So I’m a day late if not a dollar short in getting to this, but there’s no doubt that Chris Lee’s piece in yesterday’s Los Angeles Times about Ben Lyons will be well received by most of the film crowd intelligentsia, especially on the west coast. The piece opens by asking in straightforward fashion if Lyons is the most hated film critic in America, yielding at the end of its first paragraph to this conclusion: “Consensus is that Lyons, the son of New York film critic Jeffrey Lyons, is unworthy of the balcony seats once occupied by Roger Ebert and Gene Siskel on the TV mainstay that has rallied audiences into theaters for more than three decades.” It goes further downhill from there for the younger Lyons.
Somewhat naturally, the Times is late to the party. All of this is after Roger Ebert basically put Lyons in the crosshairs in an October blog-post piece about the rules of film criticism and entertainment journalism. (Distilled, it’s basically, “Thou shalt not whore, or be an idiot,” two things with which Lyons has, at various points, been identified.) And this isn’t counting Erik Childress’ weekly Ben Lyons Watch, on eFilmCritic, or several other frequently trafficked Internet hit sites, most of which are mentioned in Lee’s 1,800-plus-word piece. Still, it’s fairly rare that print media (and the Times specifically) gets into the nitty-gritty of niche-culture wars waged largely on the blogosphere. Usually the real pulse of what people are murmuring is buried in a “trend” piece, or stacked up more comparatively, as if to purposefully lessen the blow. No such equivocation here.
All of which reflects more or less the chattering-class truth, I have to say. I’ve been privy to no fewer than five conversations at separate parties and/or professional gatherings where Lyons came under harsh direct fire, if not as the sole target of denigration then certainly as the chief one. Caveats? Well, let’s be honest: there’s an element of straight-up professional jealousy when it comes to the ease with which college washout Lyons, 27, has risen the ranks. In a profession where seemingly there is no such thing as terra firma, be it in print, online or on television, At the Movies is still a very plush gig, and many regard Lyons’ appointment there as a line-skipping affront.
Underqualified perhaps, but he’s not going to say no if offered the job. Who would? Still, two things could help Lyons, if more in the long-run than the short-run. First, if he exhibited more restraint with regards to the sort of gushing, simpleton praise he regularly doles out for rote studio product. I’m all for judging a movie on its own to-scale ambitions, and within the often comfier confines of its own fenced-in genre trappings, but one does have to still keep a broader context in mind, and apply an honest critical filter. Also, never give a publicist or PR flack reaction quotes immediately after seeing a film, or even verbally, for that matter. If I’m queried for something more than a simple yea-nay reaction on a movie, I will at times make available an advance, pre-publication copy of my review, or, failing that, a written, emailed response. You know, with actual sentences, not just exclamatory declarations or comparisons to previous box office hits. This helps ensure you don’t come off as a doof, calling everything “awesome,” or “a one-of-a-kind thrill ride.”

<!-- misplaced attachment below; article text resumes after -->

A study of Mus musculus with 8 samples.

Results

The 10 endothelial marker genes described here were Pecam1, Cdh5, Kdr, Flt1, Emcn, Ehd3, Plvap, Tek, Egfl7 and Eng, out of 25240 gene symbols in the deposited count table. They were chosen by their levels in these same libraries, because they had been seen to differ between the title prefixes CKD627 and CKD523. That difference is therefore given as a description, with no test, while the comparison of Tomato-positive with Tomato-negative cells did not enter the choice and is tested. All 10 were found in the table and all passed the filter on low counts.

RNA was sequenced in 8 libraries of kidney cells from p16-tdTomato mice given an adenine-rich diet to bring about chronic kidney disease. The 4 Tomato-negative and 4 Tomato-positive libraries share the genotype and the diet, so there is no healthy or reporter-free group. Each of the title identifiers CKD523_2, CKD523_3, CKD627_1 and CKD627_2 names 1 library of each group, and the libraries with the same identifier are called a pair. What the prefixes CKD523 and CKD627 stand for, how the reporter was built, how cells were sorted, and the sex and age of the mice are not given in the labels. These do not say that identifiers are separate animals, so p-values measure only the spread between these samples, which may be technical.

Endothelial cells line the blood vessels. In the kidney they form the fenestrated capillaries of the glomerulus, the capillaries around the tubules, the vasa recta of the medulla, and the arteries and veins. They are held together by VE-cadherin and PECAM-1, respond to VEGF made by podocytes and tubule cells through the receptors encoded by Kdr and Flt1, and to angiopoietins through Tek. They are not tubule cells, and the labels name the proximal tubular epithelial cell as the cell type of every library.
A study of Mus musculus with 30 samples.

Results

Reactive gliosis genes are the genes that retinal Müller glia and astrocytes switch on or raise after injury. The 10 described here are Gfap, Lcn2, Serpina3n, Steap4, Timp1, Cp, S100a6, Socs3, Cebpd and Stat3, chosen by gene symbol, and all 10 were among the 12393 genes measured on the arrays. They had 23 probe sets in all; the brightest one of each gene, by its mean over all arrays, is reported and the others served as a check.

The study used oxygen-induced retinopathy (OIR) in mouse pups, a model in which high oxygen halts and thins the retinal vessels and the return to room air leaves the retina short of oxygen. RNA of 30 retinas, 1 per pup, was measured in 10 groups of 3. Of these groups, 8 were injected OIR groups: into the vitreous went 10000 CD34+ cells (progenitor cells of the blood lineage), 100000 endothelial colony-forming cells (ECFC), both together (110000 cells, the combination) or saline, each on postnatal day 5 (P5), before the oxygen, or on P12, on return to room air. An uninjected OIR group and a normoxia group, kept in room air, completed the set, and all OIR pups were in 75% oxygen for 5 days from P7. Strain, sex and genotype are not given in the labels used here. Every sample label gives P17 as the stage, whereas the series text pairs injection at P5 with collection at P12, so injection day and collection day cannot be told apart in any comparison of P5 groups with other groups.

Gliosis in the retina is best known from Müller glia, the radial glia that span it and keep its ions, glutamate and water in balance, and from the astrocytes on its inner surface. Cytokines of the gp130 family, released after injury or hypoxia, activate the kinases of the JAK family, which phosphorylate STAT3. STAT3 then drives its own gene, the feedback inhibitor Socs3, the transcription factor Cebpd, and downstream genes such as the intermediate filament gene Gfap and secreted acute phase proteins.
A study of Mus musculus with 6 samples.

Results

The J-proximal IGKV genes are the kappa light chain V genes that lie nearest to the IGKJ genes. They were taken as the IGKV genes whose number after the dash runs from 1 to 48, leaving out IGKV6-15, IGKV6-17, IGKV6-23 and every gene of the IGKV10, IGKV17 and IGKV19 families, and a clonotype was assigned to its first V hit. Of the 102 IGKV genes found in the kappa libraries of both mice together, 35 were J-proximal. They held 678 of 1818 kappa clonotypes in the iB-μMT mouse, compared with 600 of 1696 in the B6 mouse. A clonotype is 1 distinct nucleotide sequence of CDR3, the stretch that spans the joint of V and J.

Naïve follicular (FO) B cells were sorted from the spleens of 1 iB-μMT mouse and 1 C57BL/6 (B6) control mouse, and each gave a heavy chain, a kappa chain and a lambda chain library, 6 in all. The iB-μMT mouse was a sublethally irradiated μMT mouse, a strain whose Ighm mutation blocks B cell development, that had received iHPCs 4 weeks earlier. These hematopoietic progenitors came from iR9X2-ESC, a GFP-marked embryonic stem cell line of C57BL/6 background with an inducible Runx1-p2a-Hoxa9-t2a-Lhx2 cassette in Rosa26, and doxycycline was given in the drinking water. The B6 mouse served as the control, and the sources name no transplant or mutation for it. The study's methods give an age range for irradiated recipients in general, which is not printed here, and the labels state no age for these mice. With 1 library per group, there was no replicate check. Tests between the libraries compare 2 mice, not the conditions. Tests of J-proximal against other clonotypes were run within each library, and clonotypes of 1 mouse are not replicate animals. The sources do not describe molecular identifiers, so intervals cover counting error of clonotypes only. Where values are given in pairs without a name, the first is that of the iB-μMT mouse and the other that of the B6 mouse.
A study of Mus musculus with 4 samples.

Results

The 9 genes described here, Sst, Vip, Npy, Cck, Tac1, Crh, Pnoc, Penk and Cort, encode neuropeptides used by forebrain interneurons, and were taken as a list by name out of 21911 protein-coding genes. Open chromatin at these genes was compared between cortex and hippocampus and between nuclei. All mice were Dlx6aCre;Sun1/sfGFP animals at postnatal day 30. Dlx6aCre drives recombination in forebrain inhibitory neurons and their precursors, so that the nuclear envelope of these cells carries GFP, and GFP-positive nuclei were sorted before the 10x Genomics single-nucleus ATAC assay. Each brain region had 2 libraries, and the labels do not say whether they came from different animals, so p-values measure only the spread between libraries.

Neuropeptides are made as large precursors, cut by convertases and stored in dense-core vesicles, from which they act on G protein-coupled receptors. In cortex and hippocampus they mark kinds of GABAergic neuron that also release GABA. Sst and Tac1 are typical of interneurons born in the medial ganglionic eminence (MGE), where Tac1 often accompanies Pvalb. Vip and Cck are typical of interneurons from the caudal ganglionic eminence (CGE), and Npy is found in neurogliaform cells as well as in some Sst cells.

Second, surely it would help if Lyons just exhibited more a bit curiosity and application. A sizeable enough portion of film writers (and this includes both dyed-in-the-wool print critics and newbie e-critics as well) like to get into pissing matches about trivia knowledge, florid style or the ability to turn a phrase. So who’s the smartest critic? And is that the same as the best writer? Or the quickest analytical mind? Does it matter, in the end? What really rankles mightily, I think, is the ill-fitting breeziness of someone living a charmed life unearned. I’ve worked with people like that. We all know them. Intelligence and ability are great, very useful tools, to be sure. But if someone is working hard, and not only performing to the best of their abilities but also actively trying to get better at what they do, most reasoning people cut them a break. Lyons doesn’t come across as that guy. Is it any wonder, then, that in a country so fed up with still-President Bush and his off-the-mark, from-the-gut decision-making, the highest profile film critic who most obviously exemplifies the same sort of glad-handing, unexamined, hey-Dad-look-at-me! shuck-and-jive goofiness is a marked man?